Discussion concerning water poverty tends to be in the context of international development. It would probably come as surprise to many people to realise that for some, water poverty remains a serious problem in the UK. Anyone in any doubt of this should read the Consumer Council for Water’s recent report ‘Living with Water Poverty‘. It highlights the kind of examples that my constituents have been raising with me for years, such as incontinence suffers incurring high bills arising from the need wash extra laundry or struggling single parents who do not flush the toilet when they need do because they cannot afford their water bill.
In the far South West this problem is particularly acute. When Michael Howard privatised the water industry in 1989 he not only left Devon & Cornwall with a customer base too small to derive good economies of scale, but he also left us to pick up the bill for the environmental clean up of our coastline and a ‘green dowry’/debt write-off that was not fit for purpose. You may think this is fair enough, but we are talking about less than two million customers – or 3% of the population – paying to clean up 30% of the coastline of England. As a result we have the highest water bills in the country – an average of £100 more than elsewhere.
At a time of recession this is a burden that hardworking families and individuals could do without. However, high water bills hit hardest those least able to cope, such as those on low incomes, the elderly and disabled. Despite the chocolate box view of the South West, our part of the world actually includes some very poor areas. Cornwall is the only part of the country of significant scale to get European Convergence Funding and when I was first elected I inherited from my Conservative predecessor the poorest council ward in England.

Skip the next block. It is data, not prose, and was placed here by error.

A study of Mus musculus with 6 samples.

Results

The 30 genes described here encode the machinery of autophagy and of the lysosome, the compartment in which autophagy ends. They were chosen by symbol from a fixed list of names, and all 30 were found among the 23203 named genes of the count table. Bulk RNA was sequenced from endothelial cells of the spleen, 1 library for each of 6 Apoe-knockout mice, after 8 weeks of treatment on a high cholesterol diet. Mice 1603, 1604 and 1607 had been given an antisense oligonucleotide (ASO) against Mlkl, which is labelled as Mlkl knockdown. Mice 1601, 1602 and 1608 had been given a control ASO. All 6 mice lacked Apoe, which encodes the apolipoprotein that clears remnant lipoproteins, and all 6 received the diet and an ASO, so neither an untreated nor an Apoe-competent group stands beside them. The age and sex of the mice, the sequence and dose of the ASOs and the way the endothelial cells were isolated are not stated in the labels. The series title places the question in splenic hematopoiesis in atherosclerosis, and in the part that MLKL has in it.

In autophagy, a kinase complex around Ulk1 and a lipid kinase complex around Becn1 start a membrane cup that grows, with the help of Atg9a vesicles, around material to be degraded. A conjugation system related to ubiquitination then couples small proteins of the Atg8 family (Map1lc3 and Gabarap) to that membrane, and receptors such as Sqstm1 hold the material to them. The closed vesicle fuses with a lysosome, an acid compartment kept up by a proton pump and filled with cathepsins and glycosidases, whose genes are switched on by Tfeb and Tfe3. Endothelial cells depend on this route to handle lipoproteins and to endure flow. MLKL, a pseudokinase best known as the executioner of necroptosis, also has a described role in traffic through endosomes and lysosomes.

There is a strong argument to view large parts of this investment as a public good. We all benefit from clean waters around the British Isles and the recent announcement that broadband extension to households in outlying rural areas could be paid for by a national levy, seems to suggest that there is an understanding that those on the periphery should not have to pay more because of their geographical location.
Defra have commissioned Anna Walker to lead an Independent Review of Water Metering & Charging which proposes capping bills for those on Council Tax benefit to the national average. This could mean a drop in costs of around £170 for those in most need in Devon and Cornwall. The report also sets out for the first time what would be involved in pooling the cost of the cleaning up our coast with the rest of the UK. I will be lobbying the government to ensure we take these recommendations and run with them.
The development of an effective clean water and sanitation infrastructure in the 19th Century probably did more to advance public health and inner city conditions than any other measure. But a minority in the South West can barely afford their water – this is not acceptable. Of course water bill affordability needs to be addressed wherever it exists and the Walker Review will need to look at its proposals to achieve this across the country.
Labour rightly prides itself on its historic mission to tackle poverty at home and aboard. We have made some significant strides over the past years in taking children out of poverty, tackling pensioner poverty and promoting warm homes. The Walker Review offers a chance to turn the full force of our attention and commitment to ensuring everyone in this country has access to affordable water and sewerage services.